Regulators under fire for ignoring red flags


Fannie’s and Freddie’s seemingly old-fashioned insistence on making loans to people with good credit, documented income and a stake in their property caused them to lose market share to private issuers who abandoned traditional standards.

Fannie and Freddie made limited forays into the nontraditional loan market, but their higher standards enabled them to survive the mortgage market rout last summer that wiped out the subprime industry and many firms specializing in exotic and jumbo loans. Since that time, the agencies have played a larger role than ever, providing three-quarters of the funding for new mortgages today.

The laissez-faire policies that led Mr. Greenspan and the administration to encourage privatization of the mortgage market and hold off regulating lenders reflected both their deep-held convictions as well as Republican orthodoxy about how to best manage the economy.

But they also catered to the interests of the administration’s financiers. During the critical 2004 political campaign when subprime and exotic lending was taking off, Mr. Bush was by far the top recipient of funding from all the affected industries — including Wall Street investment firms, commercial banks, savings and loans, credit companies, and mortgage and real estate brokers.

The $23.8 million Mr. Bush raked in from financial and real estate businesses that year was more than two times the $10.6 million received by Sen. John Kerry of Massachusetts, the Democratic presidential candidate and the second top beneficiary of financial contributions, according to OpenSecrets.org.

Some key lawmakers also were among the top recipients of finance company cash. Sen. Charles E. Schumer, New York Democrat who became Joint Economic Committee chairman when Democrats gained control of Congress in 2007, pulled in $2.65 million from financial firms. Sen. Christopher J. Dodd, Connecticut Democrat who became the Senate banking chairman, attracted $2 million.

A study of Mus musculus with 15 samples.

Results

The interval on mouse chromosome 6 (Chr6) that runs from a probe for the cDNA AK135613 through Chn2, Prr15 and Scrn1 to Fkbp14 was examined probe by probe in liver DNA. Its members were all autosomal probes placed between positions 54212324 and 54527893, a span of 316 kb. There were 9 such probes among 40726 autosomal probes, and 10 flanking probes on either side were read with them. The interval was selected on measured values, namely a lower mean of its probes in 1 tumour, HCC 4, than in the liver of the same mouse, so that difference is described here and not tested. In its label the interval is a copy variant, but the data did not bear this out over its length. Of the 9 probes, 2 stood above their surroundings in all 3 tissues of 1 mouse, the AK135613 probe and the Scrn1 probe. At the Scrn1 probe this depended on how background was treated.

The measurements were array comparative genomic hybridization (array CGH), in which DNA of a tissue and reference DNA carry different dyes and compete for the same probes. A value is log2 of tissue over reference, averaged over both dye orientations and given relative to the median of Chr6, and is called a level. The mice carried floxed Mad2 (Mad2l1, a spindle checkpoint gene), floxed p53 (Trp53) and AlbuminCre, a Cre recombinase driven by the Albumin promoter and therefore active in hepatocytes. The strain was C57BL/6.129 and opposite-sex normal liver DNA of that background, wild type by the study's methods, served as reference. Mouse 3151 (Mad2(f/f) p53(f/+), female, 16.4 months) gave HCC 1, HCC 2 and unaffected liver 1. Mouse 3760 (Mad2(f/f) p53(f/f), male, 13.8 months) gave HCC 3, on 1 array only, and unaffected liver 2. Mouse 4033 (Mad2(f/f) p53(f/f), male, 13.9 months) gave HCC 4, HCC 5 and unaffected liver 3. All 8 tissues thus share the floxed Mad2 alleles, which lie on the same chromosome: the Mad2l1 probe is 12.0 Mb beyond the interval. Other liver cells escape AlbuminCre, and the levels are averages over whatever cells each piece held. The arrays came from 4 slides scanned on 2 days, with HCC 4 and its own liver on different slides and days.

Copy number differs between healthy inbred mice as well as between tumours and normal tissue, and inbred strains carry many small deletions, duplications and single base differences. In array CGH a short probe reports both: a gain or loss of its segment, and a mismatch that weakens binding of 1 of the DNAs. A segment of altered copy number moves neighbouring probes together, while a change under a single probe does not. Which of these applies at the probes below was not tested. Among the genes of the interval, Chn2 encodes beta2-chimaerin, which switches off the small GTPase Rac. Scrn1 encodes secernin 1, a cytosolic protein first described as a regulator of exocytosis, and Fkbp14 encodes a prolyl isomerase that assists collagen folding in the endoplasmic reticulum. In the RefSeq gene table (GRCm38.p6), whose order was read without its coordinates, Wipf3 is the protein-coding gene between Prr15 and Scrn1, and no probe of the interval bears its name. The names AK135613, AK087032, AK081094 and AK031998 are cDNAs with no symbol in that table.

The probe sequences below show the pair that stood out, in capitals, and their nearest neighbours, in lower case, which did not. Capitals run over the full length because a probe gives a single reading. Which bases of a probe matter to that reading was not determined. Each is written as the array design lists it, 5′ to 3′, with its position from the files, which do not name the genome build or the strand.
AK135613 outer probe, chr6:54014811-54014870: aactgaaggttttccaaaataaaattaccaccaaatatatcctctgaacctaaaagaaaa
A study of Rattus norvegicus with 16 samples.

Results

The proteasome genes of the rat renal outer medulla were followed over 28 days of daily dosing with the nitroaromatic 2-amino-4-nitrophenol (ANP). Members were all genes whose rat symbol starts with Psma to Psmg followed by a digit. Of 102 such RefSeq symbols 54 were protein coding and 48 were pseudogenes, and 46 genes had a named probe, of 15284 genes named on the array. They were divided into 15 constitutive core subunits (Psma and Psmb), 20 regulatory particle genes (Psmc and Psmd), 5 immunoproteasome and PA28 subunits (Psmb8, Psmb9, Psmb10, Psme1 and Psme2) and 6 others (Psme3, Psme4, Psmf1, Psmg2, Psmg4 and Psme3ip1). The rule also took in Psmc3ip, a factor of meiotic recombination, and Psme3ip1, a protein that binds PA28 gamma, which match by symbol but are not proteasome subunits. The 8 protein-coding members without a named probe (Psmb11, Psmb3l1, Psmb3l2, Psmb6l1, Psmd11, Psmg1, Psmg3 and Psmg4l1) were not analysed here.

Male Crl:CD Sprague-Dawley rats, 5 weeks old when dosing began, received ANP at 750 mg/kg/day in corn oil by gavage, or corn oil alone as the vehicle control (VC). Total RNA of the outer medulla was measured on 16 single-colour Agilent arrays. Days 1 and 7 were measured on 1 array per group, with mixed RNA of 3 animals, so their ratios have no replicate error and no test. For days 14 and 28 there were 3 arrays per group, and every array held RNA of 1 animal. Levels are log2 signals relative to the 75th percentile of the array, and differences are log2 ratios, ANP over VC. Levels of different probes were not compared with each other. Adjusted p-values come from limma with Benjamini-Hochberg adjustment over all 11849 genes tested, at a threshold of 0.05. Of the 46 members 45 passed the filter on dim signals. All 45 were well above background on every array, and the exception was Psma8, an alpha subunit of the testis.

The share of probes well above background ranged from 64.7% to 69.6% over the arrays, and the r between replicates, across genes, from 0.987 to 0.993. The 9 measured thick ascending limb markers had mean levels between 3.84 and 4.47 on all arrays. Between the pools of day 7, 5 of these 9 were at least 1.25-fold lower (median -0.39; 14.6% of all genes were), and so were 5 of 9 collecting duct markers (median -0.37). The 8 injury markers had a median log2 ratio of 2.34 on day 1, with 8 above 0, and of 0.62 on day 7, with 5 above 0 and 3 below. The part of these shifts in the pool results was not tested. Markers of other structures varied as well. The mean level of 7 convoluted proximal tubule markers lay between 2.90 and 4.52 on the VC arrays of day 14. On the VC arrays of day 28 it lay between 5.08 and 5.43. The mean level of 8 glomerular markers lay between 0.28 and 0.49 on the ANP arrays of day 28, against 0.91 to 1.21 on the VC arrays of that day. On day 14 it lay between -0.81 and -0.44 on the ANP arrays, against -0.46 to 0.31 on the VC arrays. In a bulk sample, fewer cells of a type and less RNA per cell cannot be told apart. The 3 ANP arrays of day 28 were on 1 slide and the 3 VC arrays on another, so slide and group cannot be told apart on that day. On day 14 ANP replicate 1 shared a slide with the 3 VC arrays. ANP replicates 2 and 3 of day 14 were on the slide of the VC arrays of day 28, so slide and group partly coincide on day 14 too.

Both of those Democrats, even while out of power in 2004, received more contributions from the financial sector than Sen. Richard C. Shelby, Alabama Republican, who was then chairman of the Senate Committee on Banking, Housing and Urban Affairs.

Other Democrats who enjoyed the largesse of financial firms were Sen. Barack Obama, freshman Illinois Democrat, with $1.8 million in contributions; and Sen. Hillary Rodham Clinton, freshman New York Democrat, with $1 million.

The campaign contributions shed light on why Congress was sluggish in responding to the developing crisis. Mr. Dodd, while berating the Fed for not cracking down on abusive lending, spent much of last year campaigning for the Democratic presidential nomination and failed to push legislation through his committee addressing the housing crisis even as Mr. Frank shepherded a comprehensive bill through the House.

Mrs. Clinton has pushed for vigorous action to address the mortgage crisis, calling for a nationwide moratorium on foreclosures last fall, while Mr. Obama crafted his response to the housing crisis only this spring and took a less heavy-handed approach toward the industry.

While the politicians were blinded by the contributions to the risks created by the unbridled housing and lending bubbles, they were able to tell the public about the benefits of the housing boom and the easy loans that fed it.

Mr. Bush touted the “ownership” society as one with less crime and social ills and more jobs and opportunities, while Democratic lawmakers trumpeted that loans with low initial payments and easy terms enabled many disadvantaged Americans to stretch their incomes and become homeowners for the first time. Subprime loans, in particular, went disproportionately to black and Hispanic borrowers.

In addition, a community reinvestment law passed by Congress in the 1990s required banks to go to great lengths to make loans available to minorities. Many mortgage brokers who made loans to people who couldn’t afford them rationalized that they were just doing what Congress and the federal authorities wanted.

“The political pressure to create a housing ‘happy meal’ was enormous,” said George Cormeny, a former loan officer and vice president at Allfirst Bank who also worked as a legislative aide. The circular reasoning rationalizing the subprime lending boom became “unreal” to any longtime observer in the lending world, he said.